Playing the flute PDF Print E-mail
Monday, 09 June 2008 00:00
This rising gap between diesel and kerosene prices has meant the incentive for adulteration has increased "" 30-40 per cent of kerosene is reported to be adulterated with diesel, and this will get worse. Kerosene adulteration on a significant scale is what explains why the consumption of diesel has grown at a much lower pace than that of the economy over the years. It is also likely that the increased pollution that the is reporting is due to this adulterated fuel, and not poor quality car engines. 
Crude Oil
$ per barrel
NDA Initial price 22.84 10.25 2.52 136.00 10.00
End price 33.71 21.74 9.01 241.60 39.00
Increase (%) 47.60 112.10 257.50 77.60 290.00
UPA Initial price 33.71 21.74 9.01 241.60 39.00
End price 50.56 34.80 9.09 344.80 130.00
Increase (%) 50.00 60.10 0.90 42.70 233.30
NDA came to power on March 19, 1998 and UPA on May 22, 2004
Source: PPAC, Ministry of Petroleum
If this distortion wasn't bad enough, the low prices of diesel have encouraged industrial units to start using this in place of furnace oil and low sulphur heavy stock (FO/LSHS) "" since this can be up to a fifth of total output for some refineries, they are now exporting it at a loss. In the last one year, diesel consumption has shot up 11 per cent (as against a historical growth rate of 1-2 per cent per annum), and by over 20 per cent in the last quarter "" FO/LSHS consumption rose just 0.2 per cent.
The management gets further exposed when you consider the hike in prices came about only after the IOC chief said he had just two days worth of oil stocks left. Two days? As part of national security, the rule is that 45 days of oil stocks have to be maintained "" didn't anyone spot this major breach? Under Vajpayee, in fact, a decision was taken to double this. What happened to that?
There is then the issue of what these "under-recoveries" are that the oil companies/ministry keeps talking of. Till a few days before the oil price hike, a figure of Rs 245,000 crore was bandied about; but the PM spoke of only Rs 200,000 crore! On LPG, the gap was supposed to be Rs 350 per cylinder before the Rs 50 price hike; yet the PM spoke of just Rs 250 under-recovery remaining; on kerosene, a figure of Rs 36 per litre was mentioned while the PM said it was under Rs 20! Are the figures just made up on the fly? How are they calculated anyway?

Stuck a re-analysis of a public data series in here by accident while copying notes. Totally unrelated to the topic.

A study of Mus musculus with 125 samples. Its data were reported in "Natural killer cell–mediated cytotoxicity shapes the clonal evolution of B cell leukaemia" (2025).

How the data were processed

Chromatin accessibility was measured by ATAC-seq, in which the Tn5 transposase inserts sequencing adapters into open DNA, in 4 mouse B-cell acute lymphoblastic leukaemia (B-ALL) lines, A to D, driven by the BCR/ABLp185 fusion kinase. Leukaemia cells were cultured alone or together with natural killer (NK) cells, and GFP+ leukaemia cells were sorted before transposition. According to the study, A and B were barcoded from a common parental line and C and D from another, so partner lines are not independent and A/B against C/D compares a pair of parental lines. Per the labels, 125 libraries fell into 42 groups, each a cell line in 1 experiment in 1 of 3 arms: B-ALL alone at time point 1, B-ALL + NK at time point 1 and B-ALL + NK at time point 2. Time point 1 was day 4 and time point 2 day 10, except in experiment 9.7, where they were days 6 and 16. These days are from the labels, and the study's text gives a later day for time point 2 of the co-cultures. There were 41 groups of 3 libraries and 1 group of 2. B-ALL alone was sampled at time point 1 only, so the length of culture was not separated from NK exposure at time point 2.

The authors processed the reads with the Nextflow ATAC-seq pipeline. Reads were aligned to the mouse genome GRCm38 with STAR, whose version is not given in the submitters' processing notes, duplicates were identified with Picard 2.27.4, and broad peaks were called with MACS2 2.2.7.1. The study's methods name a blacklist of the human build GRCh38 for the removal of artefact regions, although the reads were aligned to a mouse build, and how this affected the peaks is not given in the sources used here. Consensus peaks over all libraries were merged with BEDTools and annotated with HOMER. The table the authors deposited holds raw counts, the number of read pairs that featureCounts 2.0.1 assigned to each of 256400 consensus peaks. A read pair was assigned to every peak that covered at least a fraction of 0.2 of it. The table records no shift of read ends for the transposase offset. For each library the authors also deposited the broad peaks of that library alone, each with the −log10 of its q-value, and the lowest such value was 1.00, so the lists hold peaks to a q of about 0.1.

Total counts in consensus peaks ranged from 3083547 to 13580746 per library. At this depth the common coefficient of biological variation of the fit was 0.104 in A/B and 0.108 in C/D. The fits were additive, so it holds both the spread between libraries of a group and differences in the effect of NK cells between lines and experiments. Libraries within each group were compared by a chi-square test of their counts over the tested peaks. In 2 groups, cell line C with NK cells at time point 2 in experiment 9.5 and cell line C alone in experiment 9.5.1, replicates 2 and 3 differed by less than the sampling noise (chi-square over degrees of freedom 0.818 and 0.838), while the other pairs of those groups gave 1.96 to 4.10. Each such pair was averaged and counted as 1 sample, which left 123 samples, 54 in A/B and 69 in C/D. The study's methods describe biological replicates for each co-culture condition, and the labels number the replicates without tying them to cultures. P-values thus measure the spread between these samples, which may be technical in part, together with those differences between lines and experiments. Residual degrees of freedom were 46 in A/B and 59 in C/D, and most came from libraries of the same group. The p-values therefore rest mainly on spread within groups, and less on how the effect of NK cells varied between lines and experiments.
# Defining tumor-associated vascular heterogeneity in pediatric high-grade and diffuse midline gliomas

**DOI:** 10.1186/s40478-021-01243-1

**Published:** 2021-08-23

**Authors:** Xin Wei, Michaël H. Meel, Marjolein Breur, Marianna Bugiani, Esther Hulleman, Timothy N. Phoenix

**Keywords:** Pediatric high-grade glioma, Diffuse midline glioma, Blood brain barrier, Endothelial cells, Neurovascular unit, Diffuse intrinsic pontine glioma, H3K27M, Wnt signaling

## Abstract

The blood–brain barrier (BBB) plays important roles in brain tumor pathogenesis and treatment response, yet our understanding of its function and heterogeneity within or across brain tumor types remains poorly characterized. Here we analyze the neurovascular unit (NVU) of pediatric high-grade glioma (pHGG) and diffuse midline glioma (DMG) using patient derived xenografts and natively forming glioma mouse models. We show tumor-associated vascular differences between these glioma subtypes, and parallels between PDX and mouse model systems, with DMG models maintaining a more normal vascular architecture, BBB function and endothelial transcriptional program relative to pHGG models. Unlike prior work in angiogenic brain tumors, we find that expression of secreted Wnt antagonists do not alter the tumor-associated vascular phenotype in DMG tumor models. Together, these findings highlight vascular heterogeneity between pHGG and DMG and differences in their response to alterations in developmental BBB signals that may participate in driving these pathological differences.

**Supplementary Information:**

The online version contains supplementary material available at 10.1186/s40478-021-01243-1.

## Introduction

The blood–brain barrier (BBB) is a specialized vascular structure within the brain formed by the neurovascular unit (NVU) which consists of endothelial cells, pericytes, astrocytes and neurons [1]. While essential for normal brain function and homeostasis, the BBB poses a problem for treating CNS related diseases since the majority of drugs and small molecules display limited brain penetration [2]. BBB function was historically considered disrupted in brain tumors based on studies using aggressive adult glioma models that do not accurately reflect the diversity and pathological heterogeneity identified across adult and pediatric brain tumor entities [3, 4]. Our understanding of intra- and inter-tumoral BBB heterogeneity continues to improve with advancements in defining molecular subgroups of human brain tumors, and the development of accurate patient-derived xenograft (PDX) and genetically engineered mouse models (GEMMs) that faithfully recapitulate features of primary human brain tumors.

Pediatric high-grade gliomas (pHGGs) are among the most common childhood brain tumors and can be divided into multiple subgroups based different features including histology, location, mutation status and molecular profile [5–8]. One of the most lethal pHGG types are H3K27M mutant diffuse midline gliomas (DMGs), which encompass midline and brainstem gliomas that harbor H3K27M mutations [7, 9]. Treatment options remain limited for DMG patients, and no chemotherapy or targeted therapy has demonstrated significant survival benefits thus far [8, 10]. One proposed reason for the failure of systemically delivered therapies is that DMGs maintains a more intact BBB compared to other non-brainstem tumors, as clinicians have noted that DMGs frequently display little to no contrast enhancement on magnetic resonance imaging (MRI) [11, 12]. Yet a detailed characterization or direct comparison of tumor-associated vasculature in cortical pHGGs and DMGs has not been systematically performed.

One possibility is that the old method is still being used "" take the global price of a product, say petrol, and add to it the cost, insurance, freight and import duty to calculate the normative price. Then subtract this from the domestic price to get the under-recovery. While that works if petrol is being imported, India hardly imports any petroleum products, preferring to import crude to refine here. Also, a fifth or so crude oil purchases by the oil refineries like IOC are from ONGC at a price that's around half the international one "" is this taken into account while calculating the under-recoveries? Interestingly, one of the things the BK Chaturvedi committee has now been asked to do is to verify the actual under-recoveries!
Given this, is it time to move back to the old Administered Price Mechanism? It kept prices in check since there was none of the international bench-marking and less padding of costs. While it's true the idea of the dismantling the APM was to attract big amounts of private investment, this is clearly not happening "" indeed, Reliance, which started retailing petroleum products as part of this process, has now formally closed all its petrol pumps. Think about it.